2.8 out of 5 stars 6 customer reviews


Amazon.com Review

In his preface to this collection of 17 stories and novellas, all published between 1950 and 1998, Gardner Dozois points out that the notion of the far future could not exist without the concept of deep time; that is, this planet's history stretches back billions of years. His groundwork prepares the reader for the vast scale of the fiction that follows.

The best stories combine unabashedly science-fictional wonders with intimate characterization and clear story lines. Cordwainer Smith's "Alpha Ralpha Boulevard"--set on an Earth ruled by the mysterious Lords of the Instrumentality and populated by true men, hominids, and homunculi--is the story of two people who climb a ruined causeway to the clouds where the Abba-dingo, an ancient computer, will foretell their future. It reads like a lucid dream: strange, compelling, and beautiful. Unfortunately, it's followed in short order by "Bumberboom," nominally far-future SF but really a comic fantasy unlikely to be enjoyed by the same readers who appreciate Smith's piece. Michael Moorcock, in "Pale Roses," shows how it should be done, combining fantasy motifs with science-fictional sensibilities in a wickedly playful, psychologically dark, and cliché-mocking story of terminal ennui set in his Dancers at the End of Time milieu. Several of the later stories, particularly those written in the '90s by Robert Reed, Alexander Jablokov, and Paul McAuley, strive for transcendence but miss by a whisker. The anthology closes with a satisfyingly circular time-and-universe-spanning epic, Ian McDonald's "In the Days of Solomon Gursky," which manages brilliantly to give the reader a wonder-filled roller-coaster ride, yet end on a human note. --Luc Duplessis

From Booklist

Editor Dozois' latest theme anthology presents 17 stories, many of them classics, set in a future so far from now that memories of today's humans have been lost by our descendants. The contents' original publication dates range from 1950 for Jack Vance's "Guyal of Sfere" to 1998 for Ian McDonald's "The Days of Solomon Gursky." Vance isn't the only writer represented who treds the boundary between fantasy and sf, for stories by Michael Moorcock, Avram Davidson, and Cordwainer Smith are similarly mixed. Gene Wolfe, Keith Roberts, and James Tiptree Jr. are other old hands on hand, while Paul J. McAuley, Alexander Jabolokov, and Robert Reed stand out among the more newly come contributors. Special mention must go to Poul Anderson's "Genesis," the basis of his new novel Genesis. For Dozois, it is another anthology, another feather for his cap. Roland Green
Copyright © American Library Association. All rights reserved
"The Underground Railroad" by Colson Whitehead is a magnificent novel chronicling a young slave's adventures as she makes a desperate bid for freedom in the antebellum South. See more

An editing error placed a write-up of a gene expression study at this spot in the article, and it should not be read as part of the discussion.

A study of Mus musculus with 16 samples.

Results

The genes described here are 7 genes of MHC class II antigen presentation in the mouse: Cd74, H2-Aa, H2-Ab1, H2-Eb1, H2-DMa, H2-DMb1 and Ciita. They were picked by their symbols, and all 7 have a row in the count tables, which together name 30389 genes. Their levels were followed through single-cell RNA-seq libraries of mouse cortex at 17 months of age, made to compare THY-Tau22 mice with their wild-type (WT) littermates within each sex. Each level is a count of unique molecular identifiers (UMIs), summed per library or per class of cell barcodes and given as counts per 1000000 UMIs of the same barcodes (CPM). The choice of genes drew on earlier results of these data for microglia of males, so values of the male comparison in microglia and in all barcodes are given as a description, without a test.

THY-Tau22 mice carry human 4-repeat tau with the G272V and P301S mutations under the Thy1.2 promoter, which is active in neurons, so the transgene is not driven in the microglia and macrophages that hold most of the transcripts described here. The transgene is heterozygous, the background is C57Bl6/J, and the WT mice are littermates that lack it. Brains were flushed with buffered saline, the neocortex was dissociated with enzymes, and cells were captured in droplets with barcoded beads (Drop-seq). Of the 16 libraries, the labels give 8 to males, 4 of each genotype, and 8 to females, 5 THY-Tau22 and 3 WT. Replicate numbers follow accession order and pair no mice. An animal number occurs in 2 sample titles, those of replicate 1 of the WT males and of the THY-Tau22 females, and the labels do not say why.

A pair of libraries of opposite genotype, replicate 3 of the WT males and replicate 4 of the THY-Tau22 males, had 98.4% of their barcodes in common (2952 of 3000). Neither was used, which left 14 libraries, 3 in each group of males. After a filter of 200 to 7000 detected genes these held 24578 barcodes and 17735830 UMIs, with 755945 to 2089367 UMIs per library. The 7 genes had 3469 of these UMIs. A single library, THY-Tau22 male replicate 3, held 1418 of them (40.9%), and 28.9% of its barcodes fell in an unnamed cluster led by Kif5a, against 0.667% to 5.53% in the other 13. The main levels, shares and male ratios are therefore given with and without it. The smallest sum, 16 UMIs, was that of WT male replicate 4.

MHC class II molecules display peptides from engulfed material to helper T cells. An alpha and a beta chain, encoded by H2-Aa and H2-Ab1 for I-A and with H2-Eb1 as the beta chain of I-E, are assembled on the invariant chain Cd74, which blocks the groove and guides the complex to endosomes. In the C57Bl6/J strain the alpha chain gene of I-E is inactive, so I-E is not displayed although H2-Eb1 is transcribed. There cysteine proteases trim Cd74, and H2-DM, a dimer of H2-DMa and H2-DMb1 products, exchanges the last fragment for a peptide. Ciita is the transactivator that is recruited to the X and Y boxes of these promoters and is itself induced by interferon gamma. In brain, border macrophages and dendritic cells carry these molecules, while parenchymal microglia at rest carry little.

Product Details

  • Paperback: 480 pages
  • Publisher: St. Martin's Griffin; 1st edition (May 5, 2000)
  • Language: English
  • ISBN-10: 0312263260
  • ISBN-13: 978-0312263263
  • Product Dimensions: 5.5 x 1.3 x 8.3 inches
  • Shipping Weight: 1.6 pounds
  • Average Customer Review: 2.8 out of 5 stars  See all reviews (6 customer reviews)
  • Amazon Best Sellers Rank: #3,564,530 in Books (See Top 100 in Books)

Customer Reviews

Top Customer Reviews

Format: Paperback
When Dozois introduced the first of these retrospective anthologies a couple of years ago (THE GOOD OLD STUFF), I didn't buy it at first because of what I considered a hefty price tag for a paperback. Still, every year the best anthology of science fiction I buy is inevitably Dozois' Year's Best collection, so I have a great deal of respect for his selections. Finally, I broke down and bought that earlier volume, and I have bought each since (The Good New Stuff, Explorers, and now The Furthest Horizon).
Each of these volumes has been very well-packaged, and filled with some of the best classic science fiction short stories to be found anywhere, but in my opinion this newest volume is definitely the best yet. Granted, this is partly because all of the stories deal with one of my favorite science-fictional premises, the depiction of the extremely distant future. Even with such a seemingly-limited topic, Dozois has managed to assemble a varied and entertaining collection.
The real standout stories are Cordwainer Smith's "Alpha Ralpha Boulevard" , Jack Vance's "Guyal of Sfere" (originally part of The Dying Earth), James Tiptree, Jr.'s "Slow Music", and Ian McDonald's "The Days of Solomon Gursky", but there are also great works by Brian Aldiss, Frederik Pohl, Avram Davidson (a story I had never seen anywhere before), Walter Jon Williams, Robert Reed, Alexander Jablokov, and Poul Anderson.
This volume definitely goes on my permanent bookshelf. I cannot recommend it too highly.
Gardner Dozois collects a fine assortment of really far future SF stories in one of his best anthologies to date.
The theme of "far far future" is handled in many diverse ways, as the stories themselves were written over almost fifty years.
Jack Vance has an excerpt from his Dying Earth series...and Paul McAuley has a prequel to his "Confluence" novels. In between lie classics like Pohl's satiric Day Million, Silverberg's Nightwings and a story related to Gene Wolfe's Book of the Sun series. And many others, from authors like Michael Moorcock and Poul Anderson.
All in all, this is one of the best SF anthologies I have yet read.
Of the 17 stories, I would say most are average. There are a couple of dogs and a few gems. I thought Reed, McDonald, Anderson were excellent. Strong finish, otherwise pretty average, but worth reading.